Chicago’s Navy Pier is one of the city’s top cultural destinations, so it hosts many different kinds of people with many different tastes. To satisfy those tastes, the Pier has food-to-go, food to enjoy in a casual atmosphere, and food that’s best appreciated in more refined surroundings. Here are nine of our favorites that are not to be missed.
Moving Your Feasts: Food on the Go
Unless you’re going to the Pier to attend a play at the magnificent Chicago Shakespeare Theater, you probably plan to walk around, feel the cool lake breezes, enjoy the panoramic vistas of Chicago … and eat. Definitely eat. Here are some options for those who come to the Pier intending to get something quick and then keep moving while they nosh.
“Dessert all Day” is the inviting mantra of this higher-quality spot for baked goods, including scones, seasonal breads and the divine Goddess Granola Bars. Breakfast, lunch and dinner are available, as are wine and beer. Craft coffees can be prepared pour-over, drip, French press or Nitro Cold Brew (infused with nitrogen for extra creaminess — without dairy!).
The hot dog is quintessential American street food. In Chicago, there’s a lot of hometown pride riding on this simple sausage dressed with mustard, relish, onion, tomato, sport peppers, pickle and celery salt. Have your American Dog Chicago-style or in about 10 other ways (this wiener is nothing if not versatile). This casual stand has been made famous on the Food Network, Travel Channel, NBC Nightly News, ABC and CBS.
As the name implies, this is a grab-and-go place where you can scarf a slice while moving on — or down a whole personal pizza (you may want to sit to eat that). Also offering hot sandwiches and frozen lemonade (a Chicago standby), Frankie’s spin on the classic Neapolitan crust is worthy, and Frankie’s pizza proves that eating something other than deep dish will not get you run out of town.
You’ll Want to Sit Down for This: Casual Restaurants
If you walk to the end of the Pier and back, your Fitbit will tell you you’ve gone more than a mile. You don’t have to keep moving, of course, and at some point you may want to sit down (read: collapse). Many of the sit-down restaurants at the Pier are suitable for casual meals, some with table service; here are a few of the best.
“Elevated pub food” is what they serve at this outpost of one of Chicago’s most popular sports and steak bars, with a massive collection of sports memorabilia and a family-friendly menu. When the weather’s nice, you can sit on the patio, and although this is a restaurant and not a stand, you’ll be comfortable whether you’re in a suit or shorts. Holy cow! (Do make sure you exclaim that Harry Caray-ism at least once in this restaurant.)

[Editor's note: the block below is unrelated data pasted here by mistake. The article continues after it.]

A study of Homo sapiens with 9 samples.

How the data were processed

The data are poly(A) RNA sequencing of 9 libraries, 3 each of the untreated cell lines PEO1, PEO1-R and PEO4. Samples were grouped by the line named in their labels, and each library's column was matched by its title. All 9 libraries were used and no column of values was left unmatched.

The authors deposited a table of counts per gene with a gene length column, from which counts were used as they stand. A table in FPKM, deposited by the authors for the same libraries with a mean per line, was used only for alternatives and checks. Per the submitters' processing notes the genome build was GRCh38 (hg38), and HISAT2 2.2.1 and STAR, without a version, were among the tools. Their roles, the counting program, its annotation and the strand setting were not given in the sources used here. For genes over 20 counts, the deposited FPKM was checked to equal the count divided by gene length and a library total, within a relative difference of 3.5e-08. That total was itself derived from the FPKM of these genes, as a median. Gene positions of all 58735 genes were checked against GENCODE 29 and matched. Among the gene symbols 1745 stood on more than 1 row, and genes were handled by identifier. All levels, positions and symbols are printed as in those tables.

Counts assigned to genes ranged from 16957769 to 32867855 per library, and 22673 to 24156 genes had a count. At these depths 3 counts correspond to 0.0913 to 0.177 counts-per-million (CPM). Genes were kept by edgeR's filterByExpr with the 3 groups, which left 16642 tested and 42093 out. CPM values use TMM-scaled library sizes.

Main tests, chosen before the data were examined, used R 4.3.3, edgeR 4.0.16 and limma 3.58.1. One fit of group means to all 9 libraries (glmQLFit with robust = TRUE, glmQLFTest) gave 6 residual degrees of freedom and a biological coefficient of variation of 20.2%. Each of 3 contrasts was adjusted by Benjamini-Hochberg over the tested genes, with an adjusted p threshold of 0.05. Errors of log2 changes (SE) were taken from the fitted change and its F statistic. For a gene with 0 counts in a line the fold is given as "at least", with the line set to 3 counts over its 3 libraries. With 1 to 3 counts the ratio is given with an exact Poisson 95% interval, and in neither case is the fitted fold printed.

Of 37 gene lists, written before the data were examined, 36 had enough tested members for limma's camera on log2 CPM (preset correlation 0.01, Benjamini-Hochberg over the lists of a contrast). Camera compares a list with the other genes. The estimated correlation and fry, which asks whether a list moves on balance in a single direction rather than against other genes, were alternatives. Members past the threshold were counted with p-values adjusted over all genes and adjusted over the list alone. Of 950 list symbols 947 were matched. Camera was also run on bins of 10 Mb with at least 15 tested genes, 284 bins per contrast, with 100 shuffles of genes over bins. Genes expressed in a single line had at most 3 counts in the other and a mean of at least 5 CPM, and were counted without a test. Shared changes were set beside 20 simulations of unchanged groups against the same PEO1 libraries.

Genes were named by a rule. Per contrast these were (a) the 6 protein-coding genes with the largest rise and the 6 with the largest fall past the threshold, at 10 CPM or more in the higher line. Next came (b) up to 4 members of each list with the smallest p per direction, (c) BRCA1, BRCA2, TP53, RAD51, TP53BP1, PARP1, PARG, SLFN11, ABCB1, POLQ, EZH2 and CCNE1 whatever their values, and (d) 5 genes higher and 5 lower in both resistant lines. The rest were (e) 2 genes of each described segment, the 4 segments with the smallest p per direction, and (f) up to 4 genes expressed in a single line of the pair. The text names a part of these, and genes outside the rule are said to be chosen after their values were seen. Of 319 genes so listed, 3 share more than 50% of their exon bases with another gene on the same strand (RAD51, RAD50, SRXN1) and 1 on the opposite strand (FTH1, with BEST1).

It’s all about the bird at Big City Chicken, where they prepare it for you by the piece or in a sandwich. Operated by Chicago’s Lettuce Entertain You team, this unpretentious chicken joint has been hailed by the Chicago Tribune as one of the best restaurants on the Pier and one of the best chicken places in the city. It’s only available fried, but hey, you’re probably on vacation, right? Live a little.
Though the menu at this location has expanded significantly beyond the cheeseburger-and-Pepsi-only combo made legend on Saturday Night Live, let’s face it: You’re probably going to order the cheeseburger. (See if you can avoid saying “Cheezeborger, cheezeborger.” You can’t!) This sprawling outpost of the original retains a touch of the gruff Chicago attitude made legendary at the much tinier first location, founded in 1934.
Put Your Fancy Pants Here: Finer Dining
Though the Pier is definitely geared to visitors coming to Chicago to relax, there are several places designed for finer dining. No jacket required, of course, but expect a higher level of service, perhaps more thoughtful preparations … and even silverware (!).
Nominated for five consecutive years as James Beard Best Chef/Midwest, Michael Kornick runs a number of restaurants around Chicagoland. Kornick brings to the Pier “eclectic gourmet burgers” that showcase the chef’s fine-dining creativity as well as a more seafood-centric selection. French fries are some of the best around, and the shakes, if you like, can go “boozy.”
The Pier’s only crafted cocktail destination, Tiny Tavern also has a full menu of bites and sandwiches, as well as braised short ribs and mushroom risotto. Low lights and comfortable banquettes make this the place to go to have a few drinks and get away from the madding crowds.
With expansive windows allowing dramatic views of Lake Michigan, Riva is a sophisticated place to stop for seafood as well as meat-centric dishes. Chef Luigi Garcia is schooled in traditional techniques while keeping up with culinary trends and innovations. And if you come to the Pier to catch a Shakespeare play, there are prix fixe and other pre-play specials.
David Hammond is dining and drinking editor at Newcity and contributes to Chicago Tribune and other publications. In 2004, he co-founded LTHForum.com, the 15,000-member food-chat site; for several years he wrote weekly “Food Detective” columns in Chicago Sun-Times; and he writes weekly food columns for Wednesday Journal. He has written extensively about the culinary traditions of Mexico and Southeast Asia and contributed several chapters to “Street Food around the World.”